Previous page: Sigtuna


The site, which is located near near Fushing in northern Germany, would have controlled trade and access to Hedeby.  (see location map)

As yet, it is not certain that the site is Sliasthorp, but Mads Dengsø Jessen of the National Museum of Denmark said that it is "the best candidate we have for now."

Dating evidence for the site suggests that it begins around the same time as the nearby Danevirke which was constructed in the earlier 8th century.

Dobat commented that "It's clear from the relation of the site to the Danevirke structure that [the newfound town] was of great military importance as well."

He also suggested that The town may have accommodated workers who built the huge Danevirke fortification.

Dobart summed up the strategic location of the town in the following points:

  • "The long Dannevirke fortification was located only a few hundred metres to the south. So when there was a need for troop reinforcements at the border to the Carolingian Empire in Germany, they could easily step in from Sliasthorp.
  • The town’s numerous pit-houses could accommodate all of King Godfred’s warriors. This enabled the king to strike back in case Jutland was attacked by Charlemagne (c. 742-814), who ruled what we now know as Germany. He headed a superpower, which had just conquered and forcibly Christianised all of Northern Germany and which could potentially occupy Jutland too.
  • With its location by the Schlei bay, Viking ships could easily transport personnel, weapons and food to and from the town."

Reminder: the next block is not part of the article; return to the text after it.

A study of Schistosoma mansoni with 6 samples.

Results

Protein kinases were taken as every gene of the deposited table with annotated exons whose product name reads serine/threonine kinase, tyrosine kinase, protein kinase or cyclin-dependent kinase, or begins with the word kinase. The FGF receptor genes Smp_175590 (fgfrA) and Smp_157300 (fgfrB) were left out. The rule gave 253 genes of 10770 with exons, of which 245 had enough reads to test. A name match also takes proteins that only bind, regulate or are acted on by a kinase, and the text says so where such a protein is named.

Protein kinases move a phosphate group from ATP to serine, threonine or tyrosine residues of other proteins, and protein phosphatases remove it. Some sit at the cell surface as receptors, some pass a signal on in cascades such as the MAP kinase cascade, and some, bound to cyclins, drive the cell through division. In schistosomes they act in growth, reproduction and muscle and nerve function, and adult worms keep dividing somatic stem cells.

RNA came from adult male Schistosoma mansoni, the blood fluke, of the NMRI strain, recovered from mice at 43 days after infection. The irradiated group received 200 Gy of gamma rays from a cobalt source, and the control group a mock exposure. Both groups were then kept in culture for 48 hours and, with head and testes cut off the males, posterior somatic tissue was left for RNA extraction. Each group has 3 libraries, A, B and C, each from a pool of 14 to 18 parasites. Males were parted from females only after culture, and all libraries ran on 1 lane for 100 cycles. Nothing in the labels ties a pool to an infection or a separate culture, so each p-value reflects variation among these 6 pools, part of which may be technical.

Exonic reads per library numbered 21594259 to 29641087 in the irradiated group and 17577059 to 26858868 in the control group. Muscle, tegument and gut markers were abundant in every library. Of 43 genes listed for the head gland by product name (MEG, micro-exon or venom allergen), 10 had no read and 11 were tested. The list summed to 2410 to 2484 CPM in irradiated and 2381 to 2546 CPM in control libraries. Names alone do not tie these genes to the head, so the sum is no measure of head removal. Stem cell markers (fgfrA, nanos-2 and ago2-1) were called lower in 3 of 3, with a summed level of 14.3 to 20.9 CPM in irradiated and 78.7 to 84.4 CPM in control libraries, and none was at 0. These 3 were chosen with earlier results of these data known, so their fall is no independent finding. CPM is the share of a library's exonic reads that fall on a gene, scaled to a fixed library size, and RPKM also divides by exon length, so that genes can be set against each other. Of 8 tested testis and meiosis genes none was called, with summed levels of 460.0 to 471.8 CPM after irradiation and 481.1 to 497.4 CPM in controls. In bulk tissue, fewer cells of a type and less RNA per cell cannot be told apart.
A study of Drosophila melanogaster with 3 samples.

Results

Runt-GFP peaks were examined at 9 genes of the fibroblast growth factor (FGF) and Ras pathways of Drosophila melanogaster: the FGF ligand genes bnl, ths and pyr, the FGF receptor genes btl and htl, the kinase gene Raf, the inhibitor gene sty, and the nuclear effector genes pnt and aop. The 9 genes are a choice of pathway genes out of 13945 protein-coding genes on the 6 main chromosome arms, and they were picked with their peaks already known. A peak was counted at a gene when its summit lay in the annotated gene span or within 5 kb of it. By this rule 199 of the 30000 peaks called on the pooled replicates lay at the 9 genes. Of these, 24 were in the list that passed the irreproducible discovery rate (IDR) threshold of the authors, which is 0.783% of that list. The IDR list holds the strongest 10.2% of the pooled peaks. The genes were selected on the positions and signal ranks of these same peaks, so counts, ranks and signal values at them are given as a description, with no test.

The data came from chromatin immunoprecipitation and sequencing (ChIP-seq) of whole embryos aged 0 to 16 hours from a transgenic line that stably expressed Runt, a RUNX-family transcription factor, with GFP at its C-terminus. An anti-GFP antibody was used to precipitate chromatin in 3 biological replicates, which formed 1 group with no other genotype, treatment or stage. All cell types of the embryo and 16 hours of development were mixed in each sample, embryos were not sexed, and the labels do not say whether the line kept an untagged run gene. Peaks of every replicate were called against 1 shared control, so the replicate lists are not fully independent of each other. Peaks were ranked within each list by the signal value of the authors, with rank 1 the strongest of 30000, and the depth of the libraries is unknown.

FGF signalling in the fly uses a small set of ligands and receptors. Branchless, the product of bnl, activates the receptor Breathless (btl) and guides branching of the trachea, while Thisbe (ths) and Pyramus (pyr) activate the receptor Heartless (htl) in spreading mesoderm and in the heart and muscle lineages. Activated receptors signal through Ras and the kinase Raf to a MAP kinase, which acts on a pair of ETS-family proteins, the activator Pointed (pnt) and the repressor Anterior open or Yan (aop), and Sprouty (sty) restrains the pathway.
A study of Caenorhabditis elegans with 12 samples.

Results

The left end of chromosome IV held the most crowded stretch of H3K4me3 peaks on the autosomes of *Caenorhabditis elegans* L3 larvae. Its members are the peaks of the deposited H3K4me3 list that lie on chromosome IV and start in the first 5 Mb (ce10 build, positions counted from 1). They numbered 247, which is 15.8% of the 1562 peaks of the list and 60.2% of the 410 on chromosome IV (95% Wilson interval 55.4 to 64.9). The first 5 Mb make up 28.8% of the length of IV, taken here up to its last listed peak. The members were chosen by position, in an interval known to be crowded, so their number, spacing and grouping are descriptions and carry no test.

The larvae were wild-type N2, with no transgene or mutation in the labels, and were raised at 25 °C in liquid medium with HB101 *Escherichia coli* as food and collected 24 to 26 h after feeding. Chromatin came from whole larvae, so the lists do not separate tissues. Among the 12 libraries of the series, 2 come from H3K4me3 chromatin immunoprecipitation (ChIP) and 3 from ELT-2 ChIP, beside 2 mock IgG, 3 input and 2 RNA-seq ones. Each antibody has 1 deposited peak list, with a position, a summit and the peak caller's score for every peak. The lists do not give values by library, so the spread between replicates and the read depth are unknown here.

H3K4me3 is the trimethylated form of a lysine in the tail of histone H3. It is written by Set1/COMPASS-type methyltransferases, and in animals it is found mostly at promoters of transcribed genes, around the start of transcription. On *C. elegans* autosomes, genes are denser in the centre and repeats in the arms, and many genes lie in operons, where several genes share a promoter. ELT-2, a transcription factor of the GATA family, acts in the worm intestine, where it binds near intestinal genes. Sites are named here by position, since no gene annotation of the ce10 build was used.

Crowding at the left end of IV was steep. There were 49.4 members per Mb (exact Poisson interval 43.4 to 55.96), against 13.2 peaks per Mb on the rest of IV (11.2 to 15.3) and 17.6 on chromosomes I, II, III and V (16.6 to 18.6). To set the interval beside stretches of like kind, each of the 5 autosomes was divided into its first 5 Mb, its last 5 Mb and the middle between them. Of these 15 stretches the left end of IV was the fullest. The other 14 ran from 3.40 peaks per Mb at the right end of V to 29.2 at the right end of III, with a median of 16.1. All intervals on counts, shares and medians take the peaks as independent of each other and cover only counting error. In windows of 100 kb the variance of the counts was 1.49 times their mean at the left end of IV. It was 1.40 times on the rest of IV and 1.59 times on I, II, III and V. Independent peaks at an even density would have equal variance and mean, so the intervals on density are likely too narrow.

Around 30 buildings have so far been excavated, but aerial photography and geophysical survey suggest a total of c. 200 structures.  The most important structure found is a Viking longhouse measuring more than 30 metres long and 9 metres wide.

This communal building had been burnt and arrowheads were found embedded in its charred timber walls suggesting a violent attack.  There were even caltrops scattered outside the entrance to the building.

Lasse A. C. Sonne, a lecturer at the Saxo Institute at the University of Copenhagen, said:

“If Dobat has discovered at royal estate in that area it is of course interesting – not least if the town can be linked to Hedeby.

“From the Viking town of Birka, near Stockholm, Sweden, we know a similar model. There the great city lay isolated on one island, and on the neighbouring island was a royal estate from which the city could be governed.

“If Dobat’s interpretation of the finds is correct, they – together with finds from Birka and others – paint a picture where chiefs were involved, and where large Viking cities didn’t just emerge out of the blue.”